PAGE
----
A group blog featuring an international array of killer mystery, suspense, and romantic suspense writers. With premises and story lines different from your run-of-the-mill whodunits, we tend to write outside the box. We blog several times a week on all topics relating to romantic suspense and mystery, our writing, and our readers. We welcome all comments and often have guest bloggers. All our authors can be contacted separately, too, using their own social media links.


The Challenge of Writing Mysteries

I recently finished the fifth book in my Kendra Clayton series and have realized that although I still love writing mysteries, it’s getting harder and harder to do. It might be because I’ve chosen to write a series and am feeling the pressure to keep my characters fresh. And it’s even more difficult since I write a series featuring an amateur sleuth. I have to constantly come up with reasons for her to get involved in the investigation. Or maybe it’s because writing mysteries is difficult, period. You see it’s not enough to have a murderer and a victim in a mystery novel.

You have to have motivation and suspects. The victim has to have a reason for being a victim. The suspects have to have plausible reasons why they are suspects. The motives and the deception of the suspects has to be revealed in increasingly inventive ways to not only keep the pace of the book moving forward, but to sustain the interest of the readers.

Then there are the red herrings. Red herrings are thrown in to throw the fictional sleuth—and the readers—off and lead them in the wrong direction. The red herrings have to be well placed, and if well done, should ultimately get the sleuth headed back in the right direction. Poorly handled red herrings can take the plot so far off track it can alienate the readers and ruin the book.

There’s are also subplots, the other storylines that are running parallel to the main plot. These storylines usually include some kind of romantic complication, or job/family/health issues, or all of the above, for the main character—or persons close to the main character. Sometimes the subplots can tie into the main plot, sometimes not. However they are handled, they are a necessary part of the book as a whole and can even be developed into main plots for the following book.

I think the biggest challenge of writing a mystery is laying out all the clues so in the end the reader will realize the answer was there in front of them all along. I never want readers to feel I’ve cheated them by pulling the culprit out of thin air in the last few pages of the book. I want them to be able to follow all the evidence and figure it out. So, in retrospect, I guess it’s not hard at all to see why it’s getting harder and harder to do with each book. But when I hold that new book in my hands, I almost forget all about the challenges. Until, I have to do it again.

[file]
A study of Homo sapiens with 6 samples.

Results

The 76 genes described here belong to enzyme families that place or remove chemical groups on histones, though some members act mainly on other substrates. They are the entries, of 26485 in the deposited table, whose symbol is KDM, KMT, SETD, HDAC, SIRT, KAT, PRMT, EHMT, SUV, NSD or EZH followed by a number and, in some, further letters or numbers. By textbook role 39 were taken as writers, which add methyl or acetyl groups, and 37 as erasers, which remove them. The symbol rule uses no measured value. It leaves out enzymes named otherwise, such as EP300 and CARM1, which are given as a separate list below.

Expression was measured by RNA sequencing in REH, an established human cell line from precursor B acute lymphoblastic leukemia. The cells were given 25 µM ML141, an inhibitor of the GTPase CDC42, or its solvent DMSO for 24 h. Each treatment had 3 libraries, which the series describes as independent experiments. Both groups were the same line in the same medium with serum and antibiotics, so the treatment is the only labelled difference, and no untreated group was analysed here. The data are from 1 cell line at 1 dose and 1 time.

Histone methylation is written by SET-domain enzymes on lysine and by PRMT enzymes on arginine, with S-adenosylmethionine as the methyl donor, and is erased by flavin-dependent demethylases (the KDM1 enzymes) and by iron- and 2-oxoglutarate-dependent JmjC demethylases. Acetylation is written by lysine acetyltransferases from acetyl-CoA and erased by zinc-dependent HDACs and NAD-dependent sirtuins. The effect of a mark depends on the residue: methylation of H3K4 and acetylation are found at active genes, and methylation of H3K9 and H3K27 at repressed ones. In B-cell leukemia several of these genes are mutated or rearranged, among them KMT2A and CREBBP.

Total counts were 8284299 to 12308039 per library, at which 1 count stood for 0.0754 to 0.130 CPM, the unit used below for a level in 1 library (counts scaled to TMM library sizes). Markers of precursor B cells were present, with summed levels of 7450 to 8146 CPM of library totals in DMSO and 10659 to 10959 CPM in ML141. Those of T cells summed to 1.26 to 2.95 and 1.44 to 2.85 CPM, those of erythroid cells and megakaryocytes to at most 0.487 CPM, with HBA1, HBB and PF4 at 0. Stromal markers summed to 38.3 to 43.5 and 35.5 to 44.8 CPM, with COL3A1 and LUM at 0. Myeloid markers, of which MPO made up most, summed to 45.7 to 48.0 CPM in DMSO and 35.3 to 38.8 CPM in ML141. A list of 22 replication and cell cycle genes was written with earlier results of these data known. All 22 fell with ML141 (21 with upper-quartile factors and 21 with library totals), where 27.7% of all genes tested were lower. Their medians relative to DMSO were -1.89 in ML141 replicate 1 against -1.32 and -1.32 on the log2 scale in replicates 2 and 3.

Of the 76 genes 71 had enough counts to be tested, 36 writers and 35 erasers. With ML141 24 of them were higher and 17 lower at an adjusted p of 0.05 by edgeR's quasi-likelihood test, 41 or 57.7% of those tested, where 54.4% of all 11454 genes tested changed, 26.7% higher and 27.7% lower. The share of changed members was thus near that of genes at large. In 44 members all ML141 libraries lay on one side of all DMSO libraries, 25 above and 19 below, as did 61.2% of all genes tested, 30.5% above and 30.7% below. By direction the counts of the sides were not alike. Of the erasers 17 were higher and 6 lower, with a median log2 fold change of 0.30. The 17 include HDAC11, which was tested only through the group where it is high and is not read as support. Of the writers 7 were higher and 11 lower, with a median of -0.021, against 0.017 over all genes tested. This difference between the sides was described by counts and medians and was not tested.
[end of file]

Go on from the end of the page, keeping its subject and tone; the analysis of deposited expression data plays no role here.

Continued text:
Angela ; )


Marcelle Dubé said...

I know what you mean, Angela, but in the last mystery I wrote (Backli's Ford, under my pen name Emma Faraday), I had a different problem. I honestly didn't know who the bad guy was until I was very near the end. I had a number of likely suspects but it was only as I neared the end that the guilty party finally announced himself to me. A little nerve-wracking.

Rita said...

Foreshadowing is so very difficult. One reason I write thriller. You know who the bad guy is and the H&H have only to take them down. I hate it when an author pulls a villain out of the hat in the last chapter. I think the mystery/suspense genre is getting more difficult to write in general. Add technology to the fact the readers are more savvy and it gets darn hard. Hats off to those of you who do it so very well.

Angela Henry said...

Hi Marcelle,

The villain is usually the first thing I figure out before I start writing. I always know who dunnit, how, and why. Then I layer everything else on top. But man figuring out where to insert all those clues is hard! LOL.

And Rita I totally get why you write thrillers! I had a blast writing The Paris Secret. In terms of plotting, I thought it was much easier to know who the villain was up front. I plan to write more thrillers ; ).

Anne Marie Becker said...

I think those tough challenges are why I like to write romantic suspense - but I'm with Rita. I tend toward thrillers because I like to develop my villain (and include his/her POV) in the story. Since I want to delve into their psyche, it helps to have their POV. ;)

Elise Warner said...

In my first book, the villain changed. I had too much fun with him to have him do the dastardly deeds. It's happening again--I think my villain will change before I finish the first draft.